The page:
Make your four-legged friend’s journey to France as seamless as possible with our guide to importing a pet into France.
Pets are welcome in France, but there are strict rules relating to bringing pets into the country. If you plan to take a pet to France, it’s important to check the latest French regulations. Make sure you have the correct papers for France, as well as all the countries you pass through. Be aware that these may differ from country to country depending on where you are relocating your pet from. Here is the general information you will need when you decide to move to France with your pet.
Pets moving within Europe can take advantage of the system of European Pet Passports, which is designed for domestic animals. The Pet Passport is a booklet that provides all of the essential information on your pet. It includes an identification number and proof of all relevant vaccinations. The passport remains valid for the whole life of your pet.
An EU pet passport can only be issued by a vet that is licensed and all vaccinations should be kept current by the vet who also needs to ensure that the pet is micro-chipped, has had the relevant rabies vaccine and has undergone a blood test to ensure that the vaccine is present in the pet’s system. If your animal was vaccinated before it was fitted with a microchip, it will have to be vaccinated again after the microchip is inserted. Additionally, if your pet’s microchip is not ISO 11784/11785 compliant, you will have to bring your own microchip scanner. The EU pet passport is a certificate of health.
Pets entering France from a country with a high incidence of rabies must have a Blood Titer Test one month after vaccination and three months prior to departure.
Restrictions for pet relocation
Unvaccinated pets (dogs and cats only) less than three months old may enter the EU with additional restrictions. Certain aggressive breeds of dogs are prohibited from entry.
Different regulations apply when taking birds to France due to avian flu alerts. There is a maximum of five birds that can be taken into the country. You have a choice between a 30-day pre-export quarantine or a 30-day quarantine after the birds have been imported. If you had the bird vaccinated for avian flu, this must happen at least 60 days before importation. Alternatively, the bird can be isolated for 10 days before departure and undergo a test for avian flu after at least three days of isolation. A licensed vet must verify that these criteria have been carried out.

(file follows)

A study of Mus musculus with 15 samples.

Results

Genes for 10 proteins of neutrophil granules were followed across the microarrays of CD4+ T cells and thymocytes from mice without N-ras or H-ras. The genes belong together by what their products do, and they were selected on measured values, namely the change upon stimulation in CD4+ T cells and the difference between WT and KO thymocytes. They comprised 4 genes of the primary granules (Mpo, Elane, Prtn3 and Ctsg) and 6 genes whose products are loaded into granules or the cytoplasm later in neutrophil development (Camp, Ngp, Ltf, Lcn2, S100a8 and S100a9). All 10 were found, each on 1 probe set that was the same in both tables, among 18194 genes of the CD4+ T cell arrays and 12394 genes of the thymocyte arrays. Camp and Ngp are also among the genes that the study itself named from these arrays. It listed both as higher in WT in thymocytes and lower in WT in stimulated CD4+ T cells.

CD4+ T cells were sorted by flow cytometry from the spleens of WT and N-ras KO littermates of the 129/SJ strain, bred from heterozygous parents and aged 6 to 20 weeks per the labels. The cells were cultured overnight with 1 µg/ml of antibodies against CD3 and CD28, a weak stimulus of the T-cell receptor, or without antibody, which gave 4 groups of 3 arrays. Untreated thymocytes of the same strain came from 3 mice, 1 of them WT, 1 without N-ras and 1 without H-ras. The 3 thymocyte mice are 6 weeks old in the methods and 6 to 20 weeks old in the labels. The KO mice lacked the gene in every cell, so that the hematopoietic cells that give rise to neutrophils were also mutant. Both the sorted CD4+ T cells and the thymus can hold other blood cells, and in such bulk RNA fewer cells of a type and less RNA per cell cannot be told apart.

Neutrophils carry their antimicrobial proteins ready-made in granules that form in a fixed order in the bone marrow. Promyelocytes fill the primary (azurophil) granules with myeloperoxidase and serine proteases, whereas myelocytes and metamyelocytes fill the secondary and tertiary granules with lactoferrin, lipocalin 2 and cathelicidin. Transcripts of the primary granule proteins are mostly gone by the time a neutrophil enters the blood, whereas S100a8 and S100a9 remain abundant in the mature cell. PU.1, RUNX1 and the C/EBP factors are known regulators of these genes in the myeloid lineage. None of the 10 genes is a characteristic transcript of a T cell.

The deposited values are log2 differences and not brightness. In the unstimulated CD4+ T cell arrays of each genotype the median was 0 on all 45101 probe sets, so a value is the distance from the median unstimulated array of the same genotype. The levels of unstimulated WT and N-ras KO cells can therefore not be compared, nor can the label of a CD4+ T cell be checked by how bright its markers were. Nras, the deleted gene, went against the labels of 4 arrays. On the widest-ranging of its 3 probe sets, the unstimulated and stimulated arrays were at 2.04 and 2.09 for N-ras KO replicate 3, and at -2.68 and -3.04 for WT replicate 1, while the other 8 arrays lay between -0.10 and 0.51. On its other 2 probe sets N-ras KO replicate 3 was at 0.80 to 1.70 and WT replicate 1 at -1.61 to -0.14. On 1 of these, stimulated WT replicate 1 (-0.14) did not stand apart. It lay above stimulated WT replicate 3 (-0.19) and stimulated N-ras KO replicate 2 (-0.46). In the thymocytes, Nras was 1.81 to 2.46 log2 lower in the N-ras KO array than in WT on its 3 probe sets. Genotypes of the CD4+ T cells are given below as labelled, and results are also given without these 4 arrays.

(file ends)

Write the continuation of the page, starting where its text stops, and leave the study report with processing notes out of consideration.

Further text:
For other types of animals (e.g., rabbits, rodents, reptiles), you need a certificate that confirms the animal’s good health. Horses need a horse passport. The person or company transporting the animals needs to have an export licence that must be presented to the transportation company. The horses should be micro-chipped and, as with all other types of animals, proof will need to be presented that they are in good health.
Pet insurance for relocation
Another important issue is pet insurance. Pet insurance can cover much of the expense of unexpected vet bills in case of an injury or illness, so there are several considerations when choosing pet insurance:
- Does the policy cover all chronic, congenital and hereditary conditions?
- Is there a time limit on treatment per condition?
- Is there a financial limit on treatment per condition?
- Are there flexible coverage options to fit your budget and needs exactly?
- How well established is the company? How is it rated?
Airline pet container requirements
The rules regarding approved types of containers for cats, dogs, ferrets and birds flying in the cabin and as cargo were created by IATA, and for the most part have been accepted by the world’s airlines.
Pets in the cabin
On flights of less than ten hours, many airlines will allow small cats or dogs to be taken with the passenger in the cabin (except travel to the UK and Hong Kong). Generally, the airline will only allow one pet per passenger and a maximum of two pets per cabin. The container for the pet must fit under the seat in front of you and have a waterproof bottom and adequate ventilation. The Sherpa, Bergan and SturdiBag pet carriers are all airline compliant as long as the carrier is the proper size for your pet.
IATA pet crates requirements
Your pet must be in an IATA compliant pet crate and meet certain other requirements. It is considered best to have only one animal per container, but the IATA rules state that two animals can share the same container if the animals are less than 14kg (30lbs) and are of the same species.
If you are purchasing a container, make sure that it meets these minimum requirements:
- The container must be large enough for the animal(s) to stand, turn around, and lie down.
- The kennel must be made of sturdy plastic.
- The container must have a secure, spring-loaded, all around locking system with the pins extending beyond the horizontal extrusions above and below the door.
- Although this is not an IATA requirement, many airlines are now requiring steel crate hardware instead of plastic fasteners. We would recommend that you use this hardware on your pet’s crate to be sure there will be no problems.
- Both water and food bowls must be attached to the inside of the front door and be refillable from the outside of the container without opening the door.
- The container must have ventilation on all sides for international travel and three sides minimum for domestic travel.
- The Container must have LIVE ANIMAL stickers on the top and sides in letters at least one inch tall.
- NO WHEELS. If the container has wheels, they should be removed or taped securely so that the kennel cannot roll.
- The container must be identified with your pet’s name and owner’s contact information. The best way to do this is to attach your pet’s information to the outside of the crate.
- Make sure to attach an extra copy of your pet’s health certificate to the container.